Malaria remains a major cause of morbidity and mortality in Malawi, especially among pregnant women and children aged under 5 years. The Health management information system data indicates that malaria accounts for 40% of all outpatient visits in Malawi.
Mchinji district has a population of over half a Million people and served by 17 health facilities. In 2016/17 financial year alone over 40,000 confirmed malaria cases were recorded with 106 of them dying as inpatients.
To ensure that there’s increased knowledge of Malaria prevention and control, PACHI is implementing a malaria social and behaviors change project in three traditional authorities in Mchinji towards reduction of maternal, newborn and child mortality. Malaria cases can be improved by increasing demand for quality health services through improved access and utilization of malaria prevention and control services.
Malaria is a life-threatening disease caused by parasites that are transmitted to people through the bites of infected female Anopheles mosquitoes. Hence the use of mosquito nets control the transmission of the plasmodiam from one person to another through mosquito bites thereby reduce morbidity due to malaria.
Mchinji joined the world Malaria community in commemorating World Malaria Day 2018 at Bisikop grounds in Mkanda under the theme “determined to beat malaria”. The commemoration event took place on May 9, 2018.
Guests and a crowd of approximately 2,000 people were entertained through traditional dances and drama skits by theatre for development groups with emphasis on the benefits of sleeping under a mosquito net as well as testing and treating Malaria.
The district deputy malaria coordinator Anderson Chimbizi demonstrated the use of Long Lasting Treated nets distributed to mothers and children below five years.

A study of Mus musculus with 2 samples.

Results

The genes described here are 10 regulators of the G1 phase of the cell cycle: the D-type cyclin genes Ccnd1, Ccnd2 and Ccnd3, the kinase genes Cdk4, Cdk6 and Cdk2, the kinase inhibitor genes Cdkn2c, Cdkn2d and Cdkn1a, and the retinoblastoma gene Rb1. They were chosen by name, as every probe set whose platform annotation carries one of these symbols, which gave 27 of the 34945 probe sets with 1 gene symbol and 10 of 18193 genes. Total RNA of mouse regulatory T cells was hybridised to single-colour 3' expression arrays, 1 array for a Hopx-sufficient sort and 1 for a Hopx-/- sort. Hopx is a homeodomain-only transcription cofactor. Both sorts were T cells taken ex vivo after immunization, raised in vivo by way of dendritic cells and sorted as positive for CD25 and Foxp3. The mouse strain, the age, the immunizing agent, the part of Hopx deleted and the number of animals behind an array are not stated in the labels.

Anderson Chimbizi demonstrating the use of nets
Speaking at the commemoration event, Guest of Honor, Chairperson of Mchinji District Council Edison Josiah urged chiefs to set up by-laws that may help people in communities to start using mosquito nets for their intended purpose as it is that many use them for fishing or making gardens. “Today we’ve sensitized community leaders to take charge in preventing community members from misusing nets, we believe setting up by-laws is vital to the right use of mosquito nets thereby resulting into low number of malaria cases reported”
Guest of honor delivering a speech
The Chief Executive Officer for PACHI, Charles Makwenda highlighted that malaria is preventable and curable despite cultural beliefs being one of the barriers in the fight against Malaria. “Communities should be aware that malaria disease is curable and preventable, that alone removes habits or beliefs of acceptance towards malaria prevention” He added
The message from District Health Office was delivered by District Medical Officer, Mary Chimseu on behalf of the district Health Officer. She underscored and the need of seeking medical care on the onset of malaria signs and symptom in order to make greater strides against malaria.
Other guests who spoke included the Traditional authority for Mkanda.
PACHI with funding from USAID through ONSE health is implementing the Malaria Social Behaviour change project to decrease malaria morbidity and mortality especially among women, children and the marginalized populations in Mchinji district.